Screencap from DriveSafe.ly
One of the web's biggest tech and social media blogs has just announced its five finalists for Best Mobile App of the Year, and we're happy to report that one of the five is meant to minimize distracted driving. The blog in question? Mashable, and the app is DriveSafe.ly.
Like PhoneGuard and SafeCell, DriveSafe.ly is designed to reduce driving distractions from smart phones, but it does so in a slightly different way. PhoneGuard is mostly intended for companies that want to keep a close eye on their employees; it lets users know that Someone is watching them at all times. SafeCell is similar, except that "Someone" is the users themselves. In metaphorical terms, PhoneGuard is like going to a strict vegan restaurant, and SafeCell is like going on a strict vegan diet.
DriveSafe.ly, however, is a little friendlier -- not to mention handier. It's not punitive, it's not overly restrictive; DriveSafe.ly is a helper. When turned on, the app reads texts and emails aloud as they come in, so you don't have to take your eyes off the road or your hands off the wheel. You can't use it to reply, though you can set autoresponders, like "I'm totes driving. TTYL."
As an added bonus, the makers say that it's so lightweight, it won't drain your battery (a real problem for many apps that use GPS and accelerometer features). And unlike the fairly pricey PhoneGuard and SafeCell, DriveSafe.ly is free.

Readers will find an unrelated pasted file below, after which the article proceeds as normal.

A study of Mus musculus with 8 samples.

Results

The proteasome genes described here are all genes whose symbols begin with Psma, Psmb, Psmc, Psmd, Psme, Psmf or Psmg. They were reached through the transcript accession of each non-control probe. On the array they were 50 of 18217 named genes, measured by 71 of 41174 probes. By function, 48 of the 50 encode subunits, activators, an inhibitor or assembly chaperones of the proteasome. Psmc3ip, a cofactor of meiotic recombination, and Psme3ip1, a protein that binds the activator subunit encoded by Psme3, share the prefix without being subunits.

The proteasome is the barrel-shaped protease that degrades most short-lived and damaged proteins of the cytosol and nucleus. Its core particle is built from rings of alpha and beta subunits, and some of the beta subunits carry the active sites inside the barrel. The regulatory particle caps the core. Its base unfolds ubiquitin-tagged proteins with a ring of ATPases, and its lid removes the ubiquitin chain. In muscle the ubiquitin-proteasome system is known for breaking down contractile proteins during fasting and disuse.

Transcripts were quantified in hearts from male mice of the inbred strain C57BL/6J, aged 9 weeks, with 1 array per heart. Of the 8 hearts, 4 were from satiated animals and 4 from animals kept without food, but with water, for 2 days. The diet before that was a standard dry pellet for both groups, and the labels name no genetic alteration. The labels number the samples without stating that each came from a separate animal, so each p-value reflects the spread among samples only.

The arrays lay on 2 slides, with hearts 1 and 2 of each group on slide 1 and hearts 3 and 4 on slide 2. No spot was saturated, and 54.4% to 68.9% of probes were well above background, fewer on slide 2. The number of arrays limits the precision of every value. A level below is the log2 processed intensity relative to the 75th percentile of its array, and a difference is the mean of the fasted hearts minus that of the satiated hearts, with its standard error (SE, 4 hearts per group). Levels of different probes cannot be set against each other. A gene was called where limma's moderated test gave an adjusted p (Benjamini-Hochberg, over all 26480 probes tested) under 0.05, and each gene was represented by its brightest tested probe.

There are, however, a couple of downsides.
First, DriveSafe.ly is for Android and Blackberry devices only. Given Android's growing strength in the smartphone sector, that may not be a problem for long, but it does cut many iPhone users out of its potential target market. (NB: DriveSafe.ly says that an iPhone version of the app is in the works.)
And then there's the .ly extension -- an extension associated with Libya, which recently exerted some control over .ly domains when it took down "sex-positive URL-shortener" vb.ly. Granted, that was because the country took offense with vb.ly's overtly sexual content, saying that such material was in conflict with Libyan Islamic Sharia Law -- which might not be an issue with DriveSafe.ly. But then, if DriveSafe.ly encourages driving by women or if it has some Israeli investors, who's to say?
Admittedly, the Libyan concern wouldn't be a problem for app users once the app has been downloaded. But if a country can bump companies from its domain extensions, surely, that's got to be worrisome for the company owners and anyone needing tech support from them.
For now, however, DriveSafe.ly is up and running and in the clear: it's free, it's easy to use, and so far, it's read aloud nearly 350 million potentially distracting texts and emails. We'll let you know how DriveSafe.ly fares in the competition when Mashable announces its official winners on January 6, 2011, during the International CES Convention in Las Vegas.